If you’re a small business owner, it’s easy for your personality to come through on your professional social media accounts. Besides, who wants to have a professional account that is all hum drum and dry, right?
However, it’s also easy to cross the line of sharing too much, being offensive, or crossing a variety of other “lines” that you may or may not even know you’re crossing.
Here are a few easy ways to keep your personal and professional social media accounts separated.
- Be definitive: Only post items that have to do with your business on your business accounts. Period. Don’t mix business and pleasure, as much as you might be inclined to. Did you get a new product in? That belongs on your professional accounts. Did you get a new puppy? That belongs on your personal social media. Are you really mad at a competitor? That may not belong on either your personal or professional pages.
- Realize that separating accounts may not even be enough: Do you live in a community where people know you for what you do professionally? Well, get ready for them to equate the things you say on your personal account with your business, even if you aren’t talking about your business. If you have very strong political views and espouse them on your personal account, someone can use that as a way to perhaps not patronize your establishment. This, of course, is your choice, but know that the situation exists.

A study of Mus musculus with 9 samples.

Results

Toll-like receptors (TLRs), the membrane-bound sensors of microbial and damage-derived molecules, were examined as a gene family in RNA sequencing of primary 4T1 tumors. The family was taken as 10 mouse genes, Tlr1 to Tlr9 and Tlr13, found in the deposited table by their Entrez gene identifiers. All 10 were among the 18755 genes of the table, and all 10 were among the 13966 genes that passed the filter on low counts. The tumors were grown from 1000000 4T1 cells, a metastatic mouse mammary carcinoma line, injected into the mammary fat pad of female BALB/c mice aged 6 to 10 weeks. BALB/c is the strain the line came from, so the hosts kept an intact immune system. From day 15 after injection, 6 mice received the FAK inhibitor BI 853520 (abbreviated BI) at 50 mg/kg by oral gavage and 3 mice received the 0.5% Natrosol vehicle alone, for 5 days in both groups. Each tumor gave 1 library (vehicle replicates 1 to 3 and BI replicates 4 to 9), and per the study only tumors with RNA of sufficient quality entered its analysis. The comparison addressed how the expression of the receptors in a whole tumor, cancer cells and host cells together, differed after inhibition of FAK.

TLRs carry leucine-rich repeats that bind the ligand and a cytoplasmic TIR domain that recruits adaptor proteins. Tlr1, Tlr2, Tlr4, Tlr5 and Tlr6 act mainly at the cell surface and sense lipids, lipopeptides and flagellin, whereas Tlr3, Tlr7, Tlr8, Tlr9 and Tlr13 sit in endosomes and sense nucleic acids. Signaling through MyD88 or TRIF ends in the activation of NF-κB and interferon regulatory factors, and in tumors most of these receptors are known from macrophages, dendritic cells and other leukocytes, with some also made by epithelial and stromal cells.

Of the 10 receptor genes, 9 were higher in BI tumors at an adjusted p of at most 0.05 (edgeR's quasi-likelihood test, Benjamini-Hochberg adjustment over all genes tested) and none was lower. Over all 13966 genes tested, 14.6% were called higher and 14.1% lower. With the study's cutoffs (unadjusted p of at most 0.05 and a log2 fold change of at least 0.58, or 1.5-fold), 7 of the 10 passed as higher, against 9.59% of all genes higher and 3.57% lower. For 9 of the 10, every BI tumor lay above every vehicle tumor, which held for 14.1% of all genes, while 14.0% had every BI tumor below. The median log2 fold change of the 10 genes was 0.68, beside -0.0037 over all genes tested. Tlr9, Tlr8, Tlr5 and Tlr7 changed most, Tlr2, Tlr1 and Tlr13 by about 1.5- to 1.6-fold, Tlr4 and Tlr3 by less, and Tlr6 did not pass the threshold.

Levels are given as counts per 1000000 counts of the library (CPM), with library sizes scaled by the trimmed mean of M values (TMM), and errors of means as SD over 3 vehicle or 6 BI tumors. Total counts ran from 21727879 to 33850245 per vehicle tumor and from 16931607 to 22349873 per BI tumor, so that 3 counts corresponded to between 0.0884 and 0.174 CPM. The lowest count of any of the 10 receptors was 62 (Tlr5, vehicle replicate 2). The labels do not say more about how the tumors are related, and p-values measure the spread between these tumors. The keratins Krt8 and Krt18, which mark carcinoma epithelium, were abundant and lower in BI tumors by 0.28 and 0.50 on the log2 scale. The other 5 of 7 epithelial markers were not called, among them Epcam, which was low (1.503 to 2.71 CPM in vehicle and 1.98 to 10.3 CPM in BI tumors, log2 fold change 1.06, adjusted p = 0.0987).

- Get a handle on how you share: What platforms are you using to share? If you’re using a social media management app like Hootsuite or Buffer, take the extra second to make sure you’re sharing out the links and photos to the right account. That extra second may make the difference between an embarrassing mistake and a great post.
- Considering removing business accounts from your mobile devices: Can you literally not trust yourself? Then remove the temptation all together. Of course, this is a last resort, but if you feel that you react too strongly or too quickly to people posting on your business pages, you may want to limit your own access.
- The internet is permanent: Even social media platforms, like Snapchat, where media may only be available for a 24 hour period are susceptible to people screencapping and sharing. Anything you put online is going to be permanent one way or another, so be sure you take your time. Just because you can say what your opinion is doesn’t mean that it may be worth losing business because of it.